It's no secret that the Department of Transportation (DOTr) is planning to implement the new Motor Vehicle Inspection System (MVIS) soon. The new system is centered a stringent set of checks of every motor vehicle as a requirement for annual motor vehicle registration with the Land Transportation Office (LTO).
The new process means every motor vehicle requiring registration renewal will have to be brought to a privatized Motor Vehicle Inspection Center (MVIC), wherein the facility will check things such as the condition of the vehicle based on a very strict series of guidelines.
We've been trying to acquire a copy of the guidelines that will be used by the MVICs to check vehicles, and finally after much prodding, we got one.
We're still going through the 33-page list of guidelines, and we'll be rolling out many of the standards that every vehicle on the road must meet in order to pass the inspection. Basically, every MVIC will be visual check of the vehicle and its many components, as well as have the authority and equipment to test of all the pertinent vehicle functions such as lights, the engine, steering, safety features (i.e. brakes) and the like.
But one thing caught our eye: it's the section on wheels and tires, or section 184.108.40.206.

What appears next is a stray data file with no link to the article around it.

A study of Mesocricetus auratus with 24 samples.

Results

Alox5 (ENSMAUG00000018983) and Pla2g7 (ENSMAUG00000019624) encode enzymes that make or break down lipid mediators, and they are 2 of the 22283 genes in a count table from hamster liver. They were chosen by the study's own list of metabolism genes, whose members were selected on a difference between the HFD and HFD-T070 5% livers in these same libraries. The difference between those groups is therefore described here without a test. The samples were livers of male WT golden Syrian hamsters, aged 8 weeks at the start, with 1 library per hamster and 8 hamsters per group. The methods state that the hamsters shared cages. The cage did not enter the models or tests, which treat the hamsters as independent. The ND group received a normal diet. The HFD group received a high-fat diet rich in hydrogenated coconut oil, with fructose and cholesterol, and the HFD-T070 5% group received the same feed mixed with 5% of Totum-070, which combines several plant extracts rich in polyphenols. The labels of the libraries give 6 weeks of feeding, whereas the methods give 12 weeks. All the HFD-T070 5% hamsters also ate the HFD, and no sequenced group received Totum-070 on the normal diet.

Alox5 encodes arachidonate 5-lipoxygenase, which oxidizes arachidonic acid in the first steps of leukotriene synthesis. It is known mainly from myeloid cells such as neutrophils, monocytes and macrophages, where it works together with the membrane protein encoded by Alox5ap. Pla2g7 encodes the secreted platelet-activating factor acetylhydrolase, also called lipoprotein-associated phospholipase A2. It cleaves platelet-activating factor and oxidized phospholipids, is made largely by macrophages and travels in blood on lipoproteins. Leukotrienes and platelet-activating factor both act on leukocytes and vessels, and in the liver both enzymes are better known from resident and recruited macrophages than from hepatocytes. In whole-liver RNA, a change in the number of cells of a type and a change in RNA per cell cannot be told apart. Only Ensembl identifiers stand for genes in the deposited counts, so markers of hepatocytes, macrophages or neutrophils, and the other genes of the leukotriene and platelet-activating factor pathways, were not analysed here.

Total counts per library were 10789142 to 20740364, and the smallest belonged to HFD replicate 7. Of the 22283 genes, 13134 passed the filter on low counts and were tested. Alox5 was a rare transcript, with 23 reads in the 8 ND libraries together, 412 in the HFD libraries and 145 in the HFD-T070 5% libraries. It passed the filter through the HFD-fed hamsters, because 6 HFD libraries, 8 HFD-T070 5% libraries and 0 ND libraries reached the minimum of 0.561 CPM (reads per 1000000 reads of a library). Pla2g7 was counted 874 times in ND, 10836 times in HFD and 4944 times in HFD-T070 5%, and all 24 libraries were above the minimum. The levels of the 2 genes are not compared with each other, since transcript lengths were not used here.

MVICs must check every wheel and make sure that there are “no fractures or welding defects”, and they will also check the specifications of the tires to match the “tire size, load capacity or speed category” to make sure it conforms to certain standards.
Another tire check they need to perform is to see if there are “significant damages” to the tires like “cracks or cuts to the base cords”, and that the tire wear indicator is not exposed; for the unfamiliar, it's that little bump in the middle of a tire's groove. If it's exposed (meaning able to touch the road or at level with the remaining tread), your car fails the inspection.
Perhaps the one thing that will be the headache for a lot of car owners is the rule in the MVIS inspection guidelines with regards to tire age. The MVIS will be looking for the specific age of your tire, and the guidelines state that “tires have safe useful life of five years”, and that MVICs are instructed to “make sure that tires are not yet expired”.
We'll try to clarify further but on the surface it means the DOTr and LTO have set a 5 year maximum age for tires on a car that need to be renewed.
To determine a tire's age, you need to look for 4 consecutive numbers that are stamped onto your tires. The first two numbers will indicate the week number it was produced (01 to 52) and the next two numbers will mean the year it was produced. For instance, the tire above has the number 3218 on it; that means it would have been produced on the 32nd week (4th week of August, thereabouts) of 2018.
So, if you were to go to an MVIC to renew your vehicle in September 2023 with a tire that says 3218, your test would technically fail based on these rules. And any motor vehicle that fails to pass muster under the MVIS will have its front plate confiscated and be issued an MVISR, or Motor Vehicle Inspection System Report. Yes, that is how it will be. Once the vehicle comes back and passes inspection, it can be renewed.
It'll be interesting to see how they sort that out amongst jeepneys with tires as old as time.